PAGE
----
Humans - Humans (Cover Artwork)
Staff Review

Humans

Humans: Humans

Humans (2011)

self-released


3
Playing nice isn't in Humans' handbook. Throughout their five-track EP, they twist, turn, start, and stop suddenly, making their songs more like exercises than head-nodders, but in a good way. Although their songs are choked full of discordant riffs that rapidly evolve and sometimes suddenly drop...

Playing nice isn't in Humans' handbook. Throughout their five-track EP, they twist, turn, start, and stop suddenly, making their songs more like exercises than head-nodders, but in a good way.

Although their songs are choked full of discordant riffs that rapidly evolve and sometimes suddenly drop out, the band is more in the camp of Black Flag circa The Process of Weeding Out than mathcore. While mathcore can sometimes reduce itself to more showmanship and self-indulgence, Humans keep their riffs fast and sloppy, giving the changes of tempos a natural feel. The late-period Black Flag comparison is also applicable to the sound of the instruments themselves. While the music screeches and scratches, the guitars have that uniquely warm, soulful feeling that Greg Ginn was able to achieve despite the fact that the music never ceases its attack.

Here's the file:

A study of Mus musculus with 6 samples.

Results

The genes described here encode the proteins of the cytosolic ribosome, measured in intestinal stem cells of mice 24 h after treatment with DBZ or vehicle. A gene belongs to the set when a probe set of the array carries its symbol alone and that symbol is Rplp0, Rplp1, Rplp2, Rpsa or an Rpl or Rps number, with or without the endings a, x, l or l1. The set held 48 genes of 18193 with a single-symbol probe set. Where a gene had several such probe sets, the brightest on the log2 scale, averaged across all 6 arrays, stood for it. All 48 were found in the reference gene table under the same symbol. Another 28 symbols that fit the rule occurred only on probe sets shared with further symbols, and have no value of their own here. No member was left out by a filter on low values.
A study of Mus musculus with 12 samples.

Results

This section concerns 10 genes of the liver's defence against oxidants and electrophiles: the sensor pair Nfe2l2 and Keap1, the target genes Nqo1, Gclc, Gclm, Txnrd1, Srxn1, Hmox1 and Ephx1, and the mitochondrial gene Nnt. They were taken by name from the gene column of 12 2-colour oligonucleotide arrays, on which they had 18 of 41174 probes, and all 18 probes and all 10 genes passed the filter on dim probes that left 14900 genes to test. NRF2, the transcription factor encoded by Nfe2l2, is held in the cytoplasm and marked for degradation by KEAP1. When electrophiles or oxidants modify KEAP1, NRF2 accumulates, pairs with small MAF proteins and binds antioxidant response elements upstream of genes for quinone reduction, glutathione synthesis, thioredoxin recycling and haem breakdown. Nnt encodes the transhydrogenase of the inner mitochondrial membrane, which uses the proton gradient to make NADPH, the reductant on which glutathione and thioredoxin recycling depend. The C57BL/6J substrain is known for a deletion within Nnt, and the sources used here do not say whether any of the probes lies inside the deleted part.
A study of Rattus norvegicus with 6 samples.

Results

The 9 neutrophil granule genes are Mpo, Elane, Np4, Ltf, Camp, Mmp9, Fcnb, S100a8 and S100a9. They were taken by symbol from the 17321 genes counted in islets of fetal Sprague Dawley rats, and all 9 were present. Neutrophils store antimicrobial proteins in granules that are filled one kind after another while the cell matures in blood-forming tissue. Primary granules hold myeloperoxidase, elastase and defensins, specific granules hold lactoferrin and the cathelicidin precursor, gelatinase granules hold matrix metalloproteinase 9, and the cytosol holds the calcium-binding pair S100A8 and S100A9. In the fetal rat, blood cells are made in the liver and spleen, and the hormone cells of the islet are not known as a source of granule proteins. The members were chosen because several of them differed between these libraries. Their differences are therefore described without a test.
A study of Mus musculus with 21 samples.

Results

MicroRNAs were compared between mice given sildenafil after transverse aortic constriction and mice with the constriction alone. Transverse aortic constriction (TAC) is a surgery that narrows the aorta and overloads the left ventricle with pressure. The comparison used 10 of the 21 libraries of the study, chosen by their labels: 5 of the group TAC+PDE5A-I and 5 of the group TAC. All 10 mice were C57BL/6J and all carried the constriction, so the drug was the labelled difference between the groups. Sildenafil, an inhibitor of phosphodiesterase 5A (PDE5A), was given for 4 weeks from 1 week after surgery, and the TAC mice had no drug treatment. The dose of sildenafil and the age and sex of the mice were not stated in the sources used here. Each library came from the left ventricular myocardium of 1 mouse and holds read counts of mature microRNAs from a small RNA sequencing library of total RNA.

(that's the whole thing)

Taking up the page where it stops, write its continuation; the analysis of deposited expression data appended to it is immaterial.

The vocals work surprisingly well with the music. Where a band creates music that rapidly shifts, sometimes vocals seem to be just dropped on top at random points. But, just as the instruments seem to shift together in a sonic mass, the group's vocals bark out when the band lashes out and drift awe when the music recedes.

Humans aren't going for "nice" music, so it can be difficult to say how "good" it is. It's not easy listening, but it is compelling. Instead of a random collection of adverse riffs, the band seems to bind a common thread for the chaos (which isn't so much chaos as it is meticulous mapping that is able to retain underlying soul). This roller coaster ride works quite well on the EP, but if they cut an LP, an expanded range of sounds might be beneficial.